The Yorkshire Three Peaks involves 24 miles of walking. Photo: Bob Smith/grough

The Yorkshire Three Peaks involves 24 miles of walking. Photo: Bob Smith/grough

National park bosses in the Yorkshire Dales have produced a code of conduct for walkers tackling the Three Peaks Challenge.

The national park authority will also set up an online notification scheme for would-be challenge walkers to register their interest in undertaking the strenuous 24-mile route.

The Yorkshire Dales authority said it could then communicate with potential walkers to encourage them to act responsibly.

The move follows disquiet among some residents, particularly in the village of Horton in Ribblesdale, about the amount of disturbance and inconvenience caused by large numbers of walkers descending on the area at weekends to take part in challenge walks.

The Yorkshire Three Peaks challenge involves attempting to summit Pen-y-ghent, Whernside and Ingleborough in 12 hours or less, in a 39km circular walking route.

The new code of conduct asks participants to car-share and keep vehicle numbers to a minimum, and avoid leaving vehicles where they cause obstructions. It also urges walkers to be quiet, keeping noise to a minimum until participants are clear of villages.

Although a 12-hour finish is a target, many walkers do not manage to complete the route in this time, the authority said, and so arrive at their finishing point late in the evening. It asks organisers not to use bells and klaxons to ‘ring home’ walkers.

The code also has advice on avoiding litter, including organic matter such as banana skins and orange peel, and on toilet matters while on the route.

It says participants should be well prepared, fit for the challenge and suitably equipped. Each group should have at least one person who can navigate competently. It adds: “Local mountain rescue teams are all volunteers and should only be called out in an emergency.”

The authority is also urging Three Peaks participants to put something back into the community by using local facilities and services, and considering donating £1 per walker to its Three Peaks fund.

The measures were agreed at an authority meeting on Tuesday.

The Yorkshire Dales National Park Authority’s member champion for recreation management Nick Cotton said: “People all over Yorkshire, and all over the country, have a special affection for the Three Peaks of Whernside, Ingleborough and Pen-y-ghent.

“Many, many people have been introduced to the pleasures of the Yorkshire Dales landscape through taking on the challenge of walking all three fells in a day.

“The Three Peaks were attracting walkers before the Yorkshire Dales national park was designated, and as an authority we do not actively promote the walk route, yet I think we can regard the enduring popularity of the walk as something of a success for the national park.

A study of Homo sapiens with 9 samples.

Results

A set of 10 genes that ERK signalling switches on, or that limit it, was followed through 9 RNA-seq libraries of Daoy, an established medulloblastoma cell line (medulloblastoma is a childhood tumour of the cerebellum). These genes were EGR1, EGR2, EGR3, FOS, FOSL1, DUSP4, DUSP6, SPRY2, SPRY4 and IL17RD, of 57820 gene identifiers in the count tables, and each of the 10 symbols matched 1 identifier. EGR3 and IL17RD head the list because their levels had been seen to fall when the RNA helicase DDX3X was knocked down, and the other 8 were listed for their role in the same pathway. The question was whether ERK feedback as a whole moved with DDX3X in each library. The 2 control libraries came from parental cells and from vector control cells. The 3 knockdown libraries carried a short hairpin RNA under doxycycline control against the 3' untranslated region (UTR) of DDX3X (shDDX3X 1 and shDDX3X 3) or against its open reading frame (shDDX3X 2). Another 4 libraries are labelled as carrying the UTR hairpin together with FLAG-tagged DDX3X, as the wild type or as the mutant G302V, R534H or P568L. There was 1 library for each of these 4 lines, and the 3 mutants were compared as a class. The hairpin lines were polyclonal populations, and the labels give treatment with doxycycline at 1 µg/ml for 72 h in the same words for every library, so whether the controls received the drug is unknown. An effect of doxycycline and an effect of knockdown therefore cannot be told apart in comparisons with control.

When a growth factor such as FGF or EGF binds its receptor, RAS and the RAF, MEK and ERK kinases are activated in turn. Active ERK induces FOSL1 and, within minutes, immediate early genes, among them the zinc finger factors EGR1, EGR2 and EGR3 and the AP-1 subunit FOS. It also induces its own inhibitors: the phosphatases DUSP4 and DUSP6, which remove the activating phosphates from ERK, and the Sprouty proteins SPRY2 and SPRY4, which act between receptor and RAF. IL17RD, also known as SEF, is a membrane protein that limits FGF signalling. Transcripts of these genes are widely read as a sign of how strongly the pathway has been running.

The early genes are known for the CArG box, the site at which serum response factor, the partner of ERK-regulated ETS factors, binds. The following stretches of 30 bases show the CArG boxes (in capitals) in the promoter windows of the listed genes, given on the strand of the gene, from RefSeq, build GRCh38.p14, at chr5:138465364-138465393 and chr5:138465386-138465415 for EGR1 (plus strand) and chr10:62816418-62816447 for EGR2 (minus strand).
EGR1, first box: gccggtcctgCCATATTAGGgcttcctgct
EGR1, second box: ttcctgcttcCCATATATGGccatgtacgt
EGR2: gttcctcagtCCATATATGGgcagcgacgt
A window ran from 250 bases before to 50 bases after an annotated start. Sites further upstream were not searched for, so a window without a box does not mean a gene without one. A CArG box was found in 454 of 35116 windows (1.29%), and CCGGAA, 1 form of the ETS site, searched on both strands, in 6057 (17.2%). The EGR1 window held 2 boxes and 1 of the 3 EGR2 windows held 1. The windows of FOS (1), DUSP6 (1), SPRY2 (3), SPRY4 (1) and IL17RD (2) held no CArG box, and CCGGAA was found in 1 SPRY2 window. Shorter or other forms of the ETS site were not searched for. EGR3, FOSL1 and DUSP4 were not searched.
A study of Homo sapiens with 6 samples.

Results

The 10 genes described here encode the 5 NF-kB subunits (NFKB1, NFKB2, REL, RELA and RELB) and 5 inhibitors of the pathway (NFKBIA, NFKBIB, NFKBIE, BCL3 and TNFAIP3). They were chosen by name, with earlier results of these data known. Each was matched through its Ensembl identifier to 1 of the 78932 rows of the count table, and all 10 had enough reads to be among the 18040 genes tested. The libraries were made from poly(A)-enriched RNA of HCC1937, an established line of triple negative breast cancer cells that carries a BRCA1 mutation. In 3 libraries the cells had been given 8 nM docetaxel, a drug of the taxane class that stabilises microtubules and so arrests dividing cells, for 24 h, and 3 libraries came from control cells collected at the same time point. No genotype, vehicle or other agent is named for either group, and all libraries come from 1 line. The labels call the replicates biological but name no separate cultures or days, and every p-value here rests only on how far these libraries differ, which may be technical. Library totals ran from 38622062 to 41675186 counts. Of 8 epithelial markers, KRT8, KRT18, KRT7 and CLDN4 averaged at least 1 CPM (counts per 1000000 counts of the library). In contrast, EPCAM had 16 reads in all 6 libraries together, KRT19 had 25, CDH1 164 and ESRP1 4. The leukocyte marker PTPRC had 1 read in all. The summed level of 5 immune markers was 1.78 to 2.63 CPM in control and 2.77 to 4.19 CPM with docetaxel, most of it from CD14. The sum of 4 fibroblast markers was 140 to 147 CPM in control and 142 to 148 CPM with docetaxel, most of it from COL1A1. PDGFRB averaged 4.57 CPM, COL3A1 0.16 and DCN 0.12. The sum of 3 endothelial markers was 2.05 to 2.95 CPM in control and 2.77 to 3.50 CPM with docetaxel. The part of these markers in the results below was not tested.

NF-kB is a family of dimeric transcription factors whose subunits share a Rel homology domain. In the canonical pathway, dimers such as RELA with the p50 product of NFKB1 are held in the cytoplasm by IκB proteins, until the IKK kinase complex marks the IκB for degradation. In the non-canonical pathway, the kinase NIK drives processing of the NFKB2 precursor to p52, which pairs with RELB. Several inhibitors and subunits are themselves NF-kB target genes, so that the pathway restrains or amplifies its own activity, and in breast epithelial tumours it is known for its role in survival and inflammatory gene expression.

“The walk is good for people’s health; good for the charities which walkers often raise money for; and good for the local economy of the area with pubs and cafes selling refreshments, people staying overnight before and after the walk, and the community benefitting by charging for parking on land near the traditional starting point in Horton.

“But with success, and high numbers of people, come some challenges, not least noise and antisocial behaviour. There has been conflict between some visitors and some parts of the community.

“We have worked diligently to ensure the path network is kept to an excellent standard, and we have worked closely with national charities and the local community to help to manage the impact of large scale events.

“Today the authority agreed fresh actions, in particular to create an online notification scheme, to reach out to Three Peaks visitors whatever their group size so that they know what is expected of them in terms of behaviour and help them plan their visit.

“To individuals we are saying that it is unacceptable to disturb the rest of the people of Horton and other villages by making a racket early in a morning or late in the evening. To event organisers we are strongly advising them to plan their event carefully in advance and, if their group size is more than 100 people, to register their event with us, so that we can help avoid clashes.

“The Three Peaks walk is a 24-mile route with at least four potential start points: Horton, Ribblehead, Chapel-le-Dale and Ingleton. The best and most effective type of ‘policing’ of behaviour is peer to peer. So if everyone undertaking the Three Peaks knows that antisocial behaviour isn’t acceptable before they come, it can only be a good thing.

“The Three Peaks walk is often people’s first experience of the national park and we want them to enjoy it.”

The report to authority members by director of park services Kathryn Beardmore said using a suggested disused quarry near Ribblehead for car parking wasn’t feasible and another suggestion, using Ingleton as a start and finish point, would add 9km to the walk and was unlikely to be as popular as the original route.

The full report and code of conduct can be seen on the Yorkshire Dales National Park Authority website.